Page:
The slow rhythm of drums, accompanied by a roughly-picked guitar herald an album that is unmistakably bluesy. Durham introducing himself with the line ‘One path leads to destruction’ confirms that suspicion. The second verse begins even more gloomily, announcing ‘I may be hanging from a tree come next morning’.
Track 3 comes armed with a harmonica, seeming to flirt with a brighter mood…But no. I really shouldn’t have expected anything but blues from a song entitled ‘Living This Hard’.
Images such as ‘Snapping peas in the backyard’, for me, are alien enough to match my idea of the Deep South and the blues. Even for someone from the West Midlands, whose closest encounter with the American South is two weeks in Disney World, Durham’s sound conjures up scenes of a laidback, meandering life along the Mississippi.
He is, in fact, Texas-born and is much younger than his stories of woe and gravelly tones imply.
The thing about Lincoln Durham though, is that his tales of sorrow and hardship don’t depress you – they draw you in. “Clementine”, which is catchy, well-constructed and very reminiscent of LaMontagne, is the perfect example. This is a tale of gut-wrenching heartbreak and yet it remains philosophical.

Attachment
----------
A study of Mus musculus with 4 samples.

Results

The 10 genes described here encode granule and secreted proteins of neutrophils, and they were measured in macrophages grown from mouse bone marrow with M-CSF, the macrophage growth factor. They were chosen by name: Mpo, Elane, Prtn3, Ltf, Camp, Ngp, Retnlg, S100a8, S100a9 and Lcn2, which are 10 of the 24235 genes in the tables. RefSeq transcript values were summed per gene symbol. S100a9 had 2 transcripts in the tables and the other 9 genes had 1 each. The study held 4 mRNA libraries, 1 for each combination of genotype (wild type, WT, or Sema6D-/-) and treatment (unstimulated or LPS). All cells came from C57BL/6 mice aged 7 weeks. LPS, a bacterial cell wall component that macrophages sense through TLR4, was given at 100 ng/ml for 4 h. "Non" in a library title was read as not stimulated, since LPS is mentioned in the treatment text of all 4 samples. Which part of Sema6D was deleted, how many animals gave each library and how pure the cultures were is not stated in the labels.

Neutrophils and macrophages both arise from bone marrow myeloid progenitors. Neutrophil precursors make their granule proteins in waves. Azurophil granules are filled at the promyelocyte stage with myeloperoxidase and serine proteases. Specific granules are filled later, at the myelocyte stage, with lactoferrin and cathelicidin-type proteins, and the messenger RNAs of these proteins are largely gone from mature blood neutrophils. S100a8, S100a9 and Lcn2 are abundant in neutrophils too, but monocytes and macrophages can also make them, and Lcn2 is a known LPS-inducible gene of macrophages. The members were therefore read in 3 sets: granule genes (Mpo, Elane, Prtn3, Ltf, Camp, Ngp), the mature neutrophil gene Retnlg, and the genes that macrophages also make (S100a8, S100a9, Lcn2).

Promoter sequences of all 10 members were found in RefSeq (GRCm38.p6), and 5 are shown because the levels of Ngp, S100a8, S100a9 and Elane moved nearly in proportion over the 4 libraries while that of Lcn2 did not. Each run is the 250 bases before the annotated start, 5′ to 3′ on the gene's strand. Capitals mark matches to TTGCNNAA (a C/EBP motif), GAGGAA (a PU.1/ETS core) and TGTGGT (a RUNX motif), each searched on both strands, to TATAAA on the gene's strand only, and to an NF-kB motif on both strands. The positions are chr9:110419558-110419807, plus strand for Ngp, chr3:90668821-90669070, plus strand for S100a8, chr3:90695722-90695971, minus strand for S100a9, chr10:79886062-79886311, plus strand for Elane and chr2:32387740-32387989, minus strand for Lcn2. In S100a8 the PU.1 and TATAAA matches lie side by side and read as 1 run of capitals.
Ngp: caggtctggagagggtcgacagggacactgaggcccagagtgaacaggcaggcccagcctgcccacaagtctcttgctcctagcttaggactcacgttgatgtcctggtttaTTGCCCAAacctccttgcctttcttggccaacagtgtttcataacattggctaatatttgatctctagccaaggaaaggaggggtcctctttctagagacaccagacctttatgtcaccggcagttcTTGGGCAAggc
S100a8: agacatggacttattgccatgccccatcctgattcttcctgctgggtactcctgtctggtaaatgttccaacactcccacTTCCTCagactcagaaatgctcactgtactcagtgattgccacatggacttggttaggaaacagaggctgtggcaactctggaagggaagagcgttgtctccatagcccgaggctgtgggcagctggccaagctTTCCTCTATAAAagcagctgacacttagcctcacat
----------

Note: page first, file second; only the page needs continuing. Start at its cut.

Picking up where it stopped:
Maybe philosophical is the most fitting way to describe this album. “Love Letters” even pairs a rockier, raw sound to its almost self-indulgent wallowing. It was about this time (track 8 ) that I noticed something: Durham seems almost obsessed with the image of mud or dirt. Seriously, count the mentions – there are at least 15. Weird!
Perhaps this is evidence of an absence of lyrical ambition in “The Shovel vs. The Howling Bones”. And perhaps Durham needs to be a bit more inventive to avoid blending into the rather oversubscribed folk/blues crowd. He certainly lacks the unique style of someone like Jack White, who has bent blues-rock to his own devices.
This is a very listenable album, but it could be said that Durham’s bourbon-fuelled voice, rich in timbre and emotion, carries it.